Forecasting, goal-seeking, and magical stories for digital analytics


"The essence of analytical communication is describing the problem and the story behind it, the model, the data employed, and the relationships among the variables in the analysis. When the relationships among variables are identified, the meaning of the relationships should be interpreted, stated, and presented relevant to the problem. The clearer the results presentation, the more likely that the quantitative analysis will lead to decisions and actions—which are, after all, usually the point of doing the analysis in the first place."

While creative visionaries and data scientists are both tremendous organizational assets within a team, it is the alliance between these two segments that will push marketing forward. Although aspirational, this is a difficult challenge to overcome. Let me begin by sharing a bit of my story - one that began with a four year career start in graphic design and creative marketing communications, and then making a leap to the quantitative side of marketing. I've seen and listened to how DIFFERENT these two segments of the marketing world are, and now as a preacher for the potential of marketing analytics, one's ability to make analysis interpretable and approachable is critical.

Google recently published a nice article titled, Staffing Your Marketing Measurement Team: Why You Need Data Storytellers, and one takeaway that I love from this piece is:

"The true value of data emerges when marketers are able to use it to tell a meaningful story. Enter the data storyteller, or marketing measurement analyst. This is the person who can push the tools, translate insights across the business, and motivate stakeholders to participate."

This quote nails the crux of the issue - if we don't take ACTION on the insights of analytics, it was nothing but a school project. Influencing decision-makers within an organization isn't easy, and if they do not understand the analysis, nothing will ever change. There are people who are good at creative marketing strategy, and there are people who are good at marketing analytics. However, there aren't many people who can toggle between the two, and serve as the translator who inspires both sides.

In my personal opinion, the recent surge in analytic technologies becoming more approachable is key. The special ingredient in that trend is visualization and analytics joining forces in ways we have never seen before. Why is this happening? Seeing and understanding data is richer than creating a collection of queries, dashboards, and workbooks. According to the infamous American mathematician John W. Tukey:

"The greatest value of a picture is when it forces us to notice what we never expected to see.”

The "ah-ha" moment. The best part of my work day!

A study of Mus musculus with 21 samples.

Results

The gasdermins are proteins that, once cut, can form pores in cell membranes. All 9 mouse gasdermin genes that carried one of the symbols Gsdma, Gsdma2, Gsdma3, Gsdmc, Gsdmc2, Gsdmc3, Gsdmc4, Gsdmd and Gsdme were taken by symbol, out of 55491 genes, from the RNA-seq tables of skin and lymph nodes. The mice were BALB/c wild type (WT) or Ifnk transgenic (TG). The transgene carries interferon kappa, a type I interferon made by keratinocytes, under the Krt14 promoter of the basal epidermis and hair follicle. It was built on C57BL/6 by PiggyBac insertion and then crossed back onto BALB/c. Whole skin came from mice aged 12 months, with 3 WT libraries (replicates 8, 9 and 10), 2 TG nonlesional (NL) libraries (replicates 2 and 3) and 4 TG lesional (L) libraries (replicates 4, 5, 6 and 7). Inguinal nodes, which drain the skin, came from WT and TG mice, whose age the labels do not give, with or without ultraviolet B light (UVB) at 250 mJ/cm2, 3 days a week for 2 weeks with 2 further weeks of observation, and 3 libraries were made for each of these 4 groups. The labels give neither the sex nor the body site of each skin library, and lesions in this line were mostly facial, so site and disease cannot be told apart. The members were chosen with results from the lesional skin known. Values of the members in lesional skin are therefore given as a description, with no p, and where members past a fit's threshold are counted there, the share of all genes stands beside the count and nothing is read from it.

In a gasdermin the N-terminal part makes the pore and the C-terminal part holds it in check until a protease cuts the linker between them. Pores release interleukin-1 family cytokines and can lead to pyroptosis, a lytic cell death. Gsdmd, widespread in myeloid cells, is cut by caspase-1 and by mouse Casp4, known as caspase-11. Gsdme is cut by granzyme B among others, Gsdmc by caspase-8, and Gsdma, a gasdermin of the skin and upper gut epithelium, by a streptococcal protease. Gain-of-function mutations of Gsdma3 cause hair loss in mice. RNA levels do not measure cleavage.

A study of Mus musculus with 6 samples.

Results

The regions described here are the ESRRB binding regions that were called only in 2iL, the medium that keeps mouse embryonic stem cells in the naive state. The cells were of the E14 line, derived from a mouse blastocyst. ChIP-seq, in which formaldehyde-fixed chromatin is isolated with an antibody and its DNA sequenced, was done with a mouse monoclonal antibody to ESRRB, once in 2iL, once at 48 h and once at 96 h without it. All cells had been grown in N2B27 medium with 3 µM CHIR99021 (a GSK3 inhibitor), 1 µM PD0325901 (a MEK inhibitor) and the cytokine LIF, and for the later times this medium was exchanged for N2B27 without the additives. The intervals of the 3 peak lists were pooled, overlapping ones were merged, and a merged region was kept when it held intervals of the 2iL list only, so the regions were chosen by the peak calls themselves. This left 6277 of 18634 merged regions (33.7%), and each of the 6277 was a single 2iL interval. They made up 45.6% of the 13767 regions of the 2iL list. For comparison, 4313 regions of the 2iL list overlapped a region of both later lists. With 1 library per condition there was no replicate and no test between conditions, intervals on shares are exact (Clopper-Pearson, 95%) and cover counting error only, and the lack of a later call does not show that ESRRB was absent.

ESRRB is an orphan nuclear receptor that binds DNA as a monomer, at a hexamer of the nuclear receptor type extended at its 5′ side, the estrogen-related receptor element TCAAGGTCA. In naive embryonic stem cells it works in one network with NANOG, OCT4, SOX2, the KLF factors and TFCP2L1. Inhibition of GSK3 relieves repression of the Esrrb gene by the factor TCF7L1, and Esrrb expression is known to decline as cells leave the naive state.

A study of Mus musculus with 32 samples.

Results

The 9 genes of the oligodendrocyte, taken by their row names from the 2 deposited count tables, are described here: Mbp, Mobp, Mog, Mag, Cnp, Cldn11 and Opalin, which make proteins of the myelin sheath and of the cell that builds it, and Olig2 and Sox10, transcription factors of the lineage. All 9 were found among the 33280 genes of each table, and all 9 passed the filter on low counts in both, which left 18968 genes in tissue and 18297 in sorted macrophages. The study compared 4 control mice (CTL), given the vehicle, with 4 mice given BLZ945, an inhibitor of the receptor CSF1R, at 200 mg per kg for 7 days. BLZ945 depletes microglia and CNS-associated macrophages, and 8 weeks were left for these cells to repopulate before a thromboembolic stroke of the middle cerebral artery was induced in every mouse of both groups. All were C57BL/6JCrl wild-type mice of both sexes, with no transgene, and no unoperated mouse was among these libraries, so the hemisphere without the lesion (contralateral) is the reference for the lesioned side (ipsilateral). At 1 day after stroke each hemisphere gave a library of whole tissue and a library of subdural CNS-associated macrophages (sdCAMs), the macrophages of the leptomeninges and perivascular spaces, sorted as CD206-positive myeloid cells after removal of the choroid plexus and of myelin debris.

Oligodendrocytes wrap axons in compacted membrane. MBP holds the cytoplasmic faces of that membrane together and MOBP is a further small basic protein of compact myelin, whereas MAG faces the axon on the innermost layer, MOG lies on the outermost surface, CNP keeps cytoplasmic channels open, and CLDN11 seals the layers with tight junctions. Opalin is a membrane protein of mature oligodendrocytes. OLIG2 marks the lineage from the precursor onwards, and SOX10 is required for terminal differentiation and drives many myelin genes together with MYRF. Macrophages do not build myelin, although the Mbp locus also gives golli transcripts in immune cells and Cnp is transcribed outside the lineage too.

In addition, when analytics becomes approachable, interpretable, and transparent to the entire marketing organization, the behavioral change of how we work together highlighted in this video becomes a reality:

Visual Analytics represents a new category of interactive and collaborative technology to provide a path to be curious and innovative. Marketers are imaginative, and are constantly pushing to analyze new and exciting data sources (i.e. clickstream, social, IoT wearables, etc.), which require the ability to scale to very large amounts of information. However, what is different here is the ability to perform sophisticated analysis, and produce visualizations to support data-driven storytelling.

Finally, we arrive at the digital analytic use case. The intention is to highlight my personal approach to tip-toeing that fine line of producing meaningful analysis, while narrating the marketing storyline. Here is the description of the business case, and my demonstration video.

Business Challenge:

How do I allocate digital media spend to drive more traffic to my website in a future time period?

Marketing Applications:

  1. Identify the most important acquisition channels (i.e. attribution)
  2. Simulate & optimize ad spend to acquire incremental traffic and meet business objective

Let me know what you think in the comments section below. If you enjoyed this article, be sure to check out my other work here. Lastly, if you would like to connect on social media, link with me on Twitter or LinkedIn.


Suneel Grover

Advisory Solutions Architect

Suneel Grover is an Advisory Solutions Architect supporting Digital Intelligence, Marketing Analytics and Omni-Channel Marketing at SAS. By providing client-facing services for SAS in the areas of predictive analytics, digital analytics, visualization and data-driven integrated marketing, Grover provides technical consulting support in industry verticals such as media, entertainment, hospitality, communications, and sports. In addition to his role at SAS, Grover is an professorial lecturer at The George Washington University (GWU) in Washington DC, teaching in the Masters of Science in Business Analytics graduate program within the School of Business and Decision Science. Through this hybrid of activity, he provides thought leadership through white papers, featured speaker presentations, and program advisory services for entities such as the Direct Marketing Association (DMA), Interactive Advertising Bureau (IAB), Indiana University (IUSB), University of Missouri (UMSL), Radford University (RU-COBE), and New York University (NYU-SCPS). In addition to his contributions to industry and academia, Grover has a MBA in Marketing Research & Decision Science from The George Washington University (GWU) and a MS in Integrated Marketing Analytics from New York University (NYU).